ACCOUNTABILITY and "personal responsibility" are key words in this brave new era of welfare reform. As presidential aspirant Sen. Phil Gramm, R-Texas, put it, "It is time for those riding in the wagon to get out and help the rest of us push."
The Republican majority in the House of Representatives proposes to remove legal immigrants from the rolls, to end the entitlement status of Aid to Families with Dependent Children, to eliminate cash benefits to minors, to require work from able-bodied recipients, to withhold benefits from women who cannot identify the father of their child and to terminate incremental payments to women bearing children while on the rolls.
But to what end? Certainly not to balance the federal budget, since savings from the most Draconian cuts being proposed in AFDC amount to less than one-half of 1 percent of annual federal spending. Thus, those eager to take an ax to programs supporting indigent women and their children justify the cuts by arguing that they are really acting in the long-term best interest of the recipients themselves.
Their argument is simple: Illegitimacy is a scourge ruining the lives of millions in our society; welfare as now constituted subsidizes illegitimacy; thus, by cutting and capping benefits we end the subsidy, and thereby help to eliminate the scourge. There are (at least) three fallacies in this reasoning:
* You can't push on a string. Illegitimacy is a growing problem in all industrialized nations except Japan and Switzerland. The causes of this development are cultural as well as economic. It is likely that a growing welfare state has contributed to this trend. -- But it does not follow that cutting support for the needy will reverse it.
The delicate social fabric has unraveled over the past generation, due in part to the seductive influences of a permissive culture and in part to the indifference of a liberal political establishment. By making it possible for young women to bear children outside of marriage and still marginally support themselves, welfare policies have, in effect, pulled on the loose threads of the social fabric and facilitated this unraveling. Even so, reversing those policies will not reweave the social fabric. Restoring social order will require rather more of us than that.
Anyone who doubts this need only consider the monumental shift in sexual mores that has occurred in our culture in the last 30 years. Think of how the social stigma against unwed pregnancy has vanished. Consider how adolescent peer groups, among males and females alike, glorify sexual adventure and bestow status on those peers who have mastered the "game." People's behavior in matters sexual cannot be finely calibrated by providing them with just the right marginal incentives under illegitimacy and family breakdown are, at base, cultural and moral problems, which require broad social action.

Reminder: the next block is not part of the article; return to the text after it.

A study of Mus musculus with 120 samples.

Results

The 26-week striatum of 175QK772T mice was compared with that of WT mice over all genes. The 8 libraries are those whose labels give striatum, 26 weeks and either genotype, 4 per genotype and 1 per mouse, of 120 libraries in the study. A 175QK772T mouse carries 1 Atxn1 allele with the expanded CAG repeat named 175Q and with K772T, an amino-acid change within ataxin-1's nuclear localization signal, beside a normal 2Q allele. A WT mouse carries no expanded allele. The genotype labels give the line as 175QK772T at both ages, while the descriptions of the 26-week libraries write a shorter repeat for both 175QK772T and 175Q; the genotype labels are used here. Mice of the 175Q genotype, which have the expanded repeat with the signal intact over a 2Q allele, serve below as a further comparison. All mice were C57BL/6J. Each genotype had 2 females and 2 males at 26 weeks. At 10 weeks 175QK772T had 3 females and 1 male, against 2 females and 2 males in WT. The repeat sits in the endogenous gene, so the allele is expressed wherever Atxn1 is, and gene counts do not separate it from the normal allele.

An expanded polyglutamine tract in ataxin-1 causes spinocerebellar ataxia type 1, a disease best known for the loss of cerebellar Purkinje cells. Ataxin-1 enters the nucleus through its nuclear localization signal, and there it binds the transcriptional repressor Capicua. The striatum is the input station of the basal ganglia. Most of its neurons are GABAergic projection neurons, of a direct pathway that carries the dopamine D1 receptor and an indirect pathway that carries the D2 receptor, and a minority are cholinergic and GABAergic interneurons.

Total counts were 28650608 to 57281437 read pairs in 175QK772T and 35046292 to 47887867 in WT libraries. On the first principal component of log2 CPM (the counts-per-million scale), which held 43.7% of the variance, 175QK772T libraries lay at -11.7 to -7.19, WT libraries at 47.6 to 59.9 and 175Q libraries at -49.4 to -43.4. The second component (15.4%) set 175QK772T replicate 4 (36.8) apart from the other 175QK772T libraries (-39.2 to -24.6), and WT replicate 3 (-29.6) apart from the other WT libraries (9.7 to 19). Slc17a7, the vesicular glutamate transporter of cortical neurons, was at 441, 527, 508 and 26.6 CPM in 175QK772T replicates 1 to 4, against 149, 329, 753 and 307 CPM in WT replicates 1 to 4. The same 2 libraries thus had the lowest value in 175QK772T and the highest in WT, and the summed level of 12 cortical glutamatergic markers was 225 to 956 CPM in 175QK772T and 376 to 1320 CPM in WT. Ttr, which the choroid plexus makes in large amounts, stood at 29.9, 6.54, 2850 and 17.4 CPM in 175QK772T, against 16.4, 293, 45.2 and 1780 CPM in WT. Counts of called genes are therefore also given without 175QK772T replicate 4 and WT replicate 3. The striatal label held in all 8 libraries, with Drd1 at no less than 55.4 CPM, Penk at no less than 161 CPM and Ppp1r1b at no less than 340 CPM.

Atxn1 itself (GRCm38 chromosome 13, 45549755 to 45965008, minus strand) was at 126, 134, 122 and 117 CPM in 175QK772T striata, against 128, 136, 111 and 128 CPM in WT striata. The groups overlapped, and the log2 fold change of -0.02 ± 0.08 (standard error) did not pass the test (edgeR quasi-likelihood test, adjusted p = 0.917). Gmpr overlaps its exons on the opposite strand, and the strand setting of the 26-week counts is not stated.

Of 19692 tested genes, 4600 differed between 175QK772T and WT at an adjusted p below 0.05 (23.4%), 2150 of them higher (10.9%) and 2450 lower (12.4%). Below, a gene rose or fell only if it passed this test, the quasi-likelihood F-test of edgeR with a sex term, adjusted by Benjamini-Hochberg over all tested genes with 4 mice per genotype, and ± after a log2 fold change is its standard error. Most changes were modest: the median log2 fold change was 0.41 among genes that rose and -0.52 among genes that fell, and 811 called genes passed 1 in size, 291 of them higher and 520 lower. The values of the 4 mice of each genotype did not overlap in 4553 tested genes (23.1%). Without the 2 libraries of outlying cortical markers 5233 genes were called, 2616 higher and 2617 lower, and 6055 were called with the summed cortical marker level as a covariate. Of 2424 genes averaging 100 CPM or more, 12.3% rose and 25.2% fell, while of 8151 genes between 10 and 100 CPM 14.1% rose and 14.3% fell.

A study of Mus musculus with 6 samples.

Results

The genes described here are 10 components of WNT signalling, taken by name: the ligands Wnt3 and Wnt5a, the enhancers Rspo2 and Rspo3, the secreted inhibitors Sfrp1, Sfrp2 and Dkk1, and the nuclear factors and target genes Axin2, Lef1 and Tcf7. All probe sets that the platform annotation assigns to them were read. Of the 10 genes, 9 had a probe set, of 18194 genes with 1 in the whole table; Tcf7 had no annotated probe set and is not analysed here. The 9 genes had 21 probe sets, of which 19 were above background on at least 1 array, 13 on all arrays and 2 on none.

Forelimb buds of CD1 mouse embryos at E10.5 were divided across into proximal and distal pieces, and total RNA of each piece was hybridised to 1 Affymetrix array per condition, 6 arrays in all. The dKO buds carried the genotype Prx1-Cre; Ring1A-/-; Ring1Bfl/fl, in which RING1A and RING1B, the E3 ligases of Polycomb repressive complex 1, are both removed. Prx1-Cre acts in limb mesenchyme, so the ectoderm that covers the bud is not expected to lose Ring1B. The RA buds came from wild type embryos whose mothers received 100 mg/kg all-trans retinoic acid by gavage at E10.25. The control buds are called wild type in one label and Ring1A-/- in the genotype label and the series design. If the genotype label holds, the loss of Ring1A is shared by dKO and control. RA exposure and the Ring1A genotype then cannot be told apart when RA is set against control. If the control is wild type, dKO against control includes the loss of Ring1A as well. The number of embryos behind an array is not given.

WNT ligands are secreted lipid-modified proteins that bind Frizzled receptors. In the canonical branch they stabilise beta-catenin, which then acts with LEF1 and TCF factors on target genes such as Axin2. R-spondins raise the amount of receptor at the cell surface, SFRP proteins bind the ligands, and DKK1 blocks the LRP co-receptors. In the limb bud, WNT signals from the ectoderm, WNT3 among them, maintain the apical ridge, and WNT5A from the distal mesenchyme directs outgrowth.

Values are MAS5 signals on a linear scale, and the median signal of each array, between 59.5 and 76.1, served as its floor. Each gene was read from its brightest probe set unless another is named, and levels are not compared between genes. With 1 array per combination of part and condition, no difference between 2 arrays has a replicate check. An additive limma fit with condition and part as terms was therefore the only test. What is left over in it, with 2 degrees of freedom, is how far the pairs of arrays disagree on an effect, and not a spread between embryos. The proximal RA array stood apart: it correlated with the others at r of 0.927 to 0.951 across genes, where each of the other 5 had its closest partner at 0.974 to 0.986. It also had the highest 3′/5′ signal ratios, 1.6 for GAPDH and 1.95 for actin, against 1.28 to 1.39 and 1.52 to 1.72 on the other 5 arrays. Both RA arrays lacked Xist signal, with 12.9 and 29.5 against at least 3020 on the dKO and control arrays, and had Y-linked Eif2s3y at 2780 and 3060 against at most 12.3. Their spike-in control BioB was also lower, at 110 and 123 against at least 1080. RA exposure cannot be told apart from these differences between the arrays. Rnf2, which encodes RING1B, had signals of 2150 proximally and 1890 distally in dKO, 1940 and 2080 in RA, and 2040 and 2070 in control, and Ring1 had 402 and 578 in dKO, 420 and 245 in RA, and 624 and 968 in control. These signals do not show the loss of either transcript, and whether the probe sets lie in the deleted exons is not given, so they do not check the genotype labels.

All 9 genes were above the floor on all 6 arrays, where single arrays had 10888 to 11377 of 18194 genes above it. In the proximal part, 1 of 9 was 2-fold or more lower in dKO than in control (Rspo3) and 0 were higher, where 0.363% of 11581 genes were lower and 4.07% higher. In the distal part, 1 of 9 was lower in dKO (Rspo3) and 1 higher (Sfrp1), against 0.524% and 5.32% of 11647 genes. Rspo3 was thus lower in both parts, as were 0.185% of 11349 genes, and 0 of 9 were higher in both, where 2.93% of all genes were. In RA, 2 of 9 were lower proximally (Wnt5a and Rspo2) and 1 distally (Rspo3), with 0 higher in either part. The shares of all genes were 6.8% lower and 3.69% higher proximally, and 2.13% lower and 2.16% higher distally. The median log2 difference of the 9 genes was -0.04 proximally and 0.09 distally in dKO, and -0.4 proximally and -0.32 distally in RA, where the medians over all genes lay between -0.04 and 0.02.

* The "Samaritan's Dilemma" is real. The fact is that a wealthy, decent society like ours will not tolerate the suffering of innocents. We will not, except in the most egregious cases, interpose the bureaucratic apparatus of the state between a child and its parents. Needy children born out-of-wedlock will, in the vast majority of cases, remain in the care of their mothers.
To the extent that these mothers cannot provide food, clothing and shelter to their children, assistance will come from the decent Samaritans in their midst -- and they know it. If federal assistance is cut, then local aid and private charity will rise to fill the gap. But changing the name of the Samaritan does not resolve the dilemma. Some hard-liners have argued that the federal government should not return welfare to the states, precisely because of this effect.
* Values are created in the private, not in the public sector. Legislators, acting out of frustration with the decline in public behavioral standards -- must recognize that their role in providing a solution to this serious problem is quite limited. By attempting to legislate morality, they risk doing real damage to innocent children, while provoking social division.
It is families, community organizations, churches and civic agencies that instill values. The state's role is limited for good reason: Promoting good behavior requires standards to be set and communicated, and judgments to be made as to whether those standards have been met. Such judgments require knowledge of individual circumstances, and the drawing of distinctions between individual cases, which may exceed the capacity of public institutions.
The instruments available to public agents for the shaping of character are coarse and relatively indiscriminate, compared with the distinctions and judgments which people make in their private social lives all the time.
Legislators concerned about "illegitimacy" should seek to encourage virtue not by slashing the level of benefits, but by structuring assistance to promote the development and expansion of those private, voluntary associations -- in church, families and community groups -- within which the real work of character development is best done.
Mutually concerned persons who trust one another enough to be able to exchange criticism constructively, establish codes of personal conduct and enforce social sanctions against undesirable behavior, can create and enforce communal norms much more effectively than the state. The coercive resources of the state, though great, are not especially subtle. Let us hope that there are minds up on Capitol Hill subtle enough to recognize this.
Glenn c. Loury is economics professor at Boston University and author of the forthcoming "One-by-One From the Inside Out: Essays and Reviews on Race and Responsibility in America."